NEW YORK, Oct. 18 - The Sanger Center of Cambridge, UK, has announced a five-year, 300 million pound ($434 million) program aimed at propelling the institute to the forefront of post-genomic research.
The center, which will receive the funding for the program from the Wellcome Trust, also said that it would now be called the Wellcome Trust Sanger Institute.
The institute, which is credited with sequencing one-third of the human genome, said it would focus on applying the knowledge of the genome to advance scientific knowledge about cancer, polygenic diseases, and model organisms.
"The new funding will allow the Wellcome Trust Sanger Institute to make a contribution to global science and medicine as significant as its contribution to the Human Genome Project,” Allan Bradley, director of the institute, said in a statement released earlier this week.
“We will bring biology to the genome and translate the enormous amount of information encoded in our DNA into an understanding of gene function, providing the stimulus for real healthcare advances," he said.
Over the next five years, the institute will receive up to 36 million pounds to find and study genetic mutations that lead to common cancers, including breast, lung, colorectal, ovarian, and prostate cancer.
The Cancer Genome Project, which has so far found some 80 abnormalities linked to cancer, is expected to lead to more information about tumor suppressor genes.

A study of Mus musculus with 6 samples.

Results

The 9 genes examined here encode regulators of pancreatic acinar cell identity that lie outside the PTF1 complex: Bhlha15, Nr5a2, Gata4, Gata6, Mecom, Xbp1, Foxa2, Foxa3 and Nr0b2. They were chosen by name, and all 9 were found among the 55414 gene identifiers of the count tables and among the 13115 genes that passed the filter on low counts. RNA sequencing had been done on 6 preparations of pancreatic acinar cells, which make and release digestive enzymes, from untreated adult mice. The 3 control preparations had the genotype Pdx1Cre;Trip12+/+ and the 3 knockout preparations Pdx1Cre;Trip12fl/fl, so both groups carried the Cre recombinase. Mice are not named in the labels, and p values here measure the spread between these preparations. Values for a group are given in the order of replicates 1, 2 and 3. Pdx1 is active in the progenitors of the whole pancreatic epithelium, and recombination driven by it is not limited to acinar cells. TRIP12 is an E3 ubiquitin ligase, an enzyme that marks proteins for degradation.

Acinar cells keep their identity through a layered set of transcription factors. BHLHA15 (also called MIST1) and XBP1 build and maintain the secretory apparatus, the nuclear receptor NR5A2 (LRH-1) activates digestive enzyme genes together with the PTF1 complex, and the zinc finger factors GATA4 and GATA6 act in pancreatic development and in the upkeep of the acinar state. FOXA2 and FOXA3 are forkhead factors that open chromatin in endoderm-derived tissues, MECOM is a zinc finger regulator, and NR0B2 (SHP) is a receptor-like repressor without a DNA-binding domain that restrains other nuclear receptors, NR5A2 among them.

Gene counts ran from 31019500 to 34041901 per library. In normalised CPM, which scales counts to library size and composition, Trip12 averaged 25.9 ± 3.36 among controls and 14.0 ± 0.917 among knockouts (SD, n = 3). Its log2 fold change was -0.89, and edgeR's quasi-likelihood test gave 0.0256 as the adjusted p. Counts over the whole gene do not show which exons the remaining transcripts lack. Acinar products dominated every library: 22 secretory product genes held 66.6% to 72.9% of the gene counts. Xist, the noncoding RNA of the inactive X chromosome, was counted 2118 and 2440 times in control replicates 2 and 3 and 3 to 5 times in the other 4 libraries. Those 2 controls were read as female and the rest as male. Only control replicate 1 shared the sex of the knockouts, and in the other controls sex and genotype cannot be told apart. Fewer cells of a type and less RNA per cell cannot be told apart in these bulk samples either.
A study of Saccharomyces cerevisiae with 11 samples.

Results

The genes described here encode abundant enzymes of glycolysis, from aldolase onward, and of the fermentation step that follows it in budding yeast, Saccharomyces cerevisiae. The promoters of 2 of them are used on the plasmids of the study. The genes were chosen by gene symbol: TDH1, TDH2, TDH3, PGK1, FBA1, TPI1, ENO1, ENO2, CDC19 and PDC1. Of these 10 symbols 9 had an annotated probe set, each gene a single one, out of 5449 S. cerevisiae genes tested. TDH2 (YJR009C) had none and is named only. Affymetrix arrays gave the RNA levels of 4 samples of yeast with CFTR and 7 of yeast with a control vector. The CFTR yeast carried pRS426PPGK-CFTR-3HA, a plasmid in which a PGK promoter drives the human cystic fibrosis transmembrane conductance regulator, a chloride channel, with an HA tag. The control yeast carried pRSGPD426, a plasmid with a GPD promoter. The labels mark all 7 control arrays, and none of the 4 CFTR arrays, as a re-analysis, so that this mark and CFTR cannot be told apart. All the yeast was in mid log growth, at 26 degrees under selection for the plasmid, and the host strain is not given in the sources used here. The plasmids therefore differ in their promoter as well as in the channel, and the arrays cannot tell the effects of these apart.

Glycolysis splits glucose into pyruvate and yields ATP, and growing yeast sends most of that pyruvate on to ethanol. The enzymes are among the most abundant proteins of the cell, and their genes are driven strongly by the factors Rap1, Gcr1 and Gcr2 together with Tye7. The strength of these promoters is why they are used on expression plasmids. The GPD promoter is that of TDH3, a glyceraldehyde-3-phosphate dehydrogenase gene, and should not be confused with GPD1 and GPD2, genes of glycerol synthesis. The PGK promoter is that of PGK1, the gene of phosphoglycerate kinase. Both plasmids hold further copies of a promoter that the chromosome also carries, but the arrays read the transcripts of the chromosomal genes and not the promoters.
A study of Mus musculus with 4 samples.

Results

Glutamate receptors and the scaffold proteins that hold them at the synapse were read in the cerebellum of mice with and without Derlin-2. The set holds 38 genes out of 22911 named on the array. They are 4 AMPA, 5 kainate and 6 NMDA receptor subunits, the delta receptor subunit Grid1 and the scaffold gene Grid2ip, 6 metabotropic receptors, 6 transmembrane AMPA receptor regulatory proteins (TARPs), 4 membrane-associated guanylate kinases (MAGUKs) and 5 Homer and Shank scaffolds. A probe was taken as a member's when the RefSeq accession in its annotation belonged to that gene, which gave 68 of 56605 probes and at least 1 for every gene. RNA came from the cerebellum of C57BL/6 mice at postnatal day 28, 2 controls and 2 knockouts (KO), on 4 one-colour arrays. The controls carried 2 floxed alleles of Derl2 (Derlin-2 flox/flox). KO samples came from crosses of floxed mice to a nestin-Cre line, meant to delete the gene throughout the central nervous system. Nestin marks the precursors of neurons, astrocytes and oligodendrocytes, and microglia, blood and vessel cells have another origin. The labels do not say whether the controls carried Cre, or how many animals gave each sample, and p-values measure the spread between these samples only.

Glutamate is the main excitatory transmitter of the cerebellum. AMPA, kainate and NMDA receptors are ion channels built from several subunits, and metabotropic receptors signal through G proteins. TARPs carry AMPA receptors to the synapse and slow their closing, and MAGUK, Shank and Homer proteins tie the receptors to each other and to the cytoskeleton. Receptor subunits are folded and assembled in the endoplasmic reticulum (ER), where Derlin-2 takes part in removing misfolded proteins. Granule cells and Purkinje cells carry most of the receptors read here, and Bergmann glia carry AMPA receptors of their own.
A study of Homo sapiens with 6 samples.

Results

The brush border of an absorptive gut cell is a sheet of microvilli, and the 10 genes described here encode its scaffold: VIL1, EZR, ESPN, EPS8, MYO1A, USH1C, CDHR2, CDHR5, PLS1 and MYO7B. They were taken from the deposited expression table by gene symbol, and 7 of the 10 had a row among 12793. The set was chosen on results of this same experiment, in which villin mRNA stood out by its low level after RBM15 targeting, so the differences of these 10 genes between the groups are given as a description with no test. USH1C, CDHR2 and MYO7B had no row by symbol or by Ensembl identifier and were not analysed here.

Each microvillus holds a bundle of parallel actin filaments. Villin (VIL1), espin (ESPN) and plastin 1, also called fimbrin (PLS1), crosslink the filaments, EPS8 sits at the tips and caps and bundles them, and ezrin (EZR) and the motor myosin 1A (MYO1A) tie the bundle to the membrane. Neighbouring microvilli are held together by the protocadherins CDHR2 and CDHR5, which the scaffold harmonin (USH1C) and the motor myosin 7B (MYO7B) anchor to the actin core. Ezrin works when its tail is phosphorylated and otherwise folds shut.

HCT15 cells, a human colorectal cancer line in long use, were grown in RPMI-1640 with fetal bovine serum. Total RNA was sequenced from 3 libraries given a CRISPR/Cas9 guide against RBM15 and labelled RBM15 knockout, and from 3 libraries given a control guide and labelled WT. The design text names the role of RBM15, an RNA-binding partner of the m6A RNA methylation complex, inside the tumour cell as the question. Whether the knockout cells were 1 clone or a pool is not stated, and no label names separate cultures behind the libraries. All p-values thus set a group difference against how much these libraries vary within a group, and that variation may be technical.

In the area of human health, the Sanger Institute is also launching a new project to identify genes on the X chromosome that give rise to a variety of disorders. The project will use techniques from the Cancer Genome Project to look for genes involved in primary or non-specific X-lined mental retardation.
The Institute will also focus on uncovering the basis of disorders that have multiple genetic contributions, including diabetes, asthma, and other allergies. This institute plans to work with other research groups to identify common SNPs in all exons of the genome and to develop a map of common haplotypes associated with each gene. By doing this, the institute said it believes it will be able to find links between particular haplotypes and diseases.
Over the next five years, the institute will also initiate a study of mouse models of disease. The institute, which is working with other international organizations to complete the mouse sequence in 2005, is responsible for decoding 20 percent of the genome.
The Wellcome Trust Sanger Institute will also continue sequencing other model organisms, including the zebrafish, yeast, and the round worm.
The institute will have a budget of 63.3 million pounds for the 2001-2002 fiscal year, one-third of which is earmarked for new projects.
A spokesperson from the institute was not immediately available for comment.